The stench is so overpowering, even the olfactory-challenged New York Times has caught a whiff:
Politics Seen in Cuban Accusations of Military Plot by Miami Men
MIAMI — There was a time not all that long ago that Santiago Alvarez, a Miami developer, fantasized about swinging an automatic weapon over his shoulder and heading back to Cuba to incite an uprising.
His criminal record shows he did a bit more than daydream.
A 30-month federal prison stint for illegally possessing a cache of weapons behind him, the 72-year-old Mr. Alvarez is among a small group of older Cuban exile activists who the Castro government believes are still plotting its demise. He and six other Miami men were accused by Cuban officials Wednesday of plotting a violent attack on military installations in Cuba with the hopes of toppling the Communist government.
Mr. Alvarez denies any involvement in the alleged plot. Some others here raised questions about how much the case is about crime and how much is about politics. Four of the men are in custody in Havana in connection with an episode that to Mr. Alvarez and others has the feel of something more from the past than the present.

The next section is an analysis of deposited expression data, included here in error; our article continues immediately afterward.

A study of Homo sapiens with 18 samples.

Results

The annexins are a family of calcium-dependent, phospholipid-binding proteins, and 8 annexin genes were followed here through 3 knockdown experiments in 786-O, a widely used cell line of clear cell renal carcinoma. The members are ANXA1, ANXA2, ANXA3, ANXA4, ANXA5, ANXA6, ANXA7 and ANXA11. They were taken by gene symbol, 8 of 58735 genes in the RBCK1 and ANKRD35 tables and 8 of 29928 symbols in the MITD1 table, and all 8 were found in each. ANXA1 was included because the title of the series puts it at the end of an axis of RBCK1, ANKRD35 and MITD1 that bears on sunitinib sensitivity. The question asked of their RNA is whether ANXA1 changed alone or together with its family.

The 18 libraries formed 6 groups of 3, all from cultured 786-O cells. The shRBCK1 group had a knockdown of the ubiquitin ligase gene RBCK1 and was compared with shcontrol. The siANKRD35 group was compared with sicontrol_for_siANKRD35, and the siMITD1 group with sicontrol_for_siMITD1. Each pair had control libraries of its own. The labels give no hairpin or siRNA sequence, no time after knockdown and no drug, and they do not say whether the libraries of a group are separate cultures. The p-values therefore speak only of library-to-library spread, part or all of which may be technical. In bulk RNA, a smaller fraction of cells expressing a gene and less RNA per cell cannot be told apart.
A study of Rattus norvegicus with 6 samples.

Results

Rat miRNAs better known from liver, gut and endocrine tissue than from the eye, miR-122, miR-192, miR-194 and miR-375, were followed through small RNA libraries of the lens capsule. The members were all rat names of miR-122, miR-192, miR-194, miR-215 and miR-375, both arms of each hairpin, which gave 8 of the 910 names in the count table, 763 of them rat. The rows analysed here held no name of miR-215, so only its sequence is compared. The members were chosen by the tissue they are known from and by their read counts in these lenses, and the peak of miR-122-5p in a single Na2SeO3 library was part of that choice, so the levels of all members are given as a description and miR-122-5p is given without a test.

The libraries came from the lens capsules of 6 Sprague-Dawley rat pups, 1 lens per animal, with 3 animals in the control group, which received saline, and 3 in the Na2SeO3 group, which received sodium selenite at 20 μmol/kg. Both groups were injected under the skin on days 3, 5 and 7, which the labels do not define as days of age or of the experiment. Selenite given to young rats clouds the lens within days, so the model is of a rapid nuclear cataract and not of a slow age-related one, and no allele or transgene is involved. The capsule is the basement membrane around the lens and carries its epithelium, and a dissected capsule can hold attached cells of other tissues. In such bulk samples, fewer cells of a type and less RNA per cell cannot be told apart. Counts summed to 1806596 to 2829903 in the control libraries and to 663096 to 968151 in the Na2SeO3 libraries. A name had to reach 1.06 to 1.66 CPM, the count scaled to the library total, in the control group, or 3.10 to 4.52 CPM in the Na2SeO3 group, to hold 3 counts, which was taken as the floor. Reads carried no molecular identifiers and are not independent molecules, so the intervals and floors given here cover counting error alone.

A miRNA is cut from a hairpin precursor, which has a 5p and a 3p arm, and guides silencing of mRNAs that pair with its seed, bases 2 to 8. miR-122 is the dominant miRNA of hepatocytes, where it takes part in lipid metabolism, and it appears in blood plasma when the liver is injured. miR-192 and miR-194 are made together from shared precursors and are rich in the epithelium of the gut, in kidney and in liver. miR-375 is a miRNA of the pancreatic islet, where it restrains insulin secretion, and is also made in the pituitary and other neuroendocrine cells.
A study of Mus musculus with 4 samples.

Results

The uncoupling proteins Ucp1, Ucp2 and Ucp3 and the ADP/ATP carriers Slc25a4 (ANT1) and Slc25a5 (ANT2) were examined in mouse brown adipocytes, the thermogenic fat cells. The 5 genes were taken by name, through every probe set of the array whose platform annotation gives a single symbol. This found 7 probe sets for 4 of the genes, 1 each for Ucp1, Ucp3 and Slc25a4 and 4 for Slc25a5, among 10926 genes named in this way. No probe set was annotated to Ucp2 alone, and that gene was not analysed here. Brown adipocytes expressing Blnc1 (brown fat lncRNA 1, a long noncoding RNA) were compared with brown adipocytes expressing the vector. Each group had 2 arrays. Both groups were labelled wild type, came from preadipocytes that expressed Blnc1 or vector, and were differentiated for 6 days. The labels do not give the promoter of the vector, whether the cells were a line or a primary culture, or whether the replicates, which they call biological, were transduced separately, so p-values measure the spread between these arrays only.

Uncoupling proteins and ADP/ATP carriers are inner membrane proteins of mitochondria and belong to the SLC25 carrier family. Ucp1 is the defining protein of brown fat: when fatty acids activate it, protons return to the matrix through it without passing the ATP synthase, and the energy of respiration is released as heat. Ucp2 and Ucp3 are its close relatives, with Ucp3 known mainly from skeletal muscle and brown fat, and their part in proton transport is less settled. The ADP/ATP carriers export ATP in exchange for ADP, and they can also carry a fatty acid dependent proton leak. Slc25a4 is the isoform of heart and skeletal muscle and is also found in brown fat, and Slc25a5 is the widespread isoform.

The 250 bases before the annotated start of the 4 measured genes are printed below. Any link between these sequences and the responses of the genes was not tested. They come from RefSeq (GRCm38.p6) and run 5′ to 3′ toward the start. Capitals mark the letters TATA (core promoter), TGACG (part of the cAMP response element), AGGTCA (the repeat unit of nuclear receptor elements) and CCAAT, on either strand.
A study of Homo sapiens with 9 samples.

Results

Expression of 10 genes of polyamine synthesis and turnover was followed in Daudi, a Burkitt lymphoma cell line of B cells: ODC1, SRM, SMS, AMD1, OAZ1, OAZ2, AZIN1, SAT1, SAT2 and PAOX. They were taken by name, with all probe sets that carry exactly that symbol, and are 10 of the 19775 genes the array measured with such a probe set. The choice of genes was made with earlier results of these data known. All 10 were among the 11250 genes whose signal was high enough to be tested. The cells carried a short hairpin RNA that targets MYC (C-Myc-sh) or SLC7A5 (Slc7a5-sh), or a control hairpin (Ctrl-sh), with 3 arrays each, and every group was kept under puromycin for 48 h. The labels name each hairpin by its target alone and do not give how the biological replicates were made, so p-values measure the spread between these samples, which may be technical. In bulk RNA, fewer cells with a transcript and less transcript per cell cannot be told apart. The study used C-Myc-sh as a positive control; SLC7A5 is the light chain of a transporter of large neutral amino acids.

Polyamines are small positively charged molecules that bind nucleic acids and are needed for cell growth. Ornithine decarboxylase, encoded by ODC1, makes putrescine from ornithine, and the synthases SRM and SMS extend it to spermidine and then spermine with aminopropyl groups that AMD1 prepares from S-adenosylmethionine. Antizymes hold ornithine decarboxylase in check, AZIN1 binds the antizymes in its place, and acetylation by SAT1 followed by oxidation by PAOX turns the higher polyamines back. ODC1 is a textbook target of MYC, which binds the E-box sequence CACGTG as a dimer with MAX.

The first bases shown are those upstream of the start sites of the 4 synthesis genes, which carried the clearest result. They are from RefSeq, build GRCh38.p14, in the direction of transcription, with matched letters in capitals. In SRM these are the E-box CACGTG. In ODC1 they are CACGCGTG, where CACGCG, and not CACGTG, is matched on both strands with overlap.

“I wish I could get a rifle and fight the dictatorship, but that is not realistic,” he said on Thursday. “We cannot live in the past.”
Fifty-five years after Fidel Castro won an armed rebellion of his own and a week after Washington again kept Cuba on its short list of state sponsors of terrorism, the Cuban government publicly announced that violent plots persist.
Cuba-watchers said the case was hard to separate from political theater, particularly because the announcement came on the heels of a visit by four members of Congress to see Alan Gross, an American imprisoned for illegally taking satellite gear to Cuba. With his case on the diplomatic forefront and Cuba still pushing for the release of three Cuban agents jailed in the United States, experts say Havana is likely to use the latest arrests for its diplomatic benefit.
Although Miami was long the birthplace of conspiracies to overthrow the Castros, experts say most aging exiles have embraced nonviolent avenues toward democracy.
“I just don’t see it,” said Andy S. Gomez, a Cuba expert, who retired last year from the University of Miami and who voiced skepticism about the charges. “There are some old-timers that believe the only way to topple the regime is by doing these activities, but over the years those numbers have decreased to really nothing.”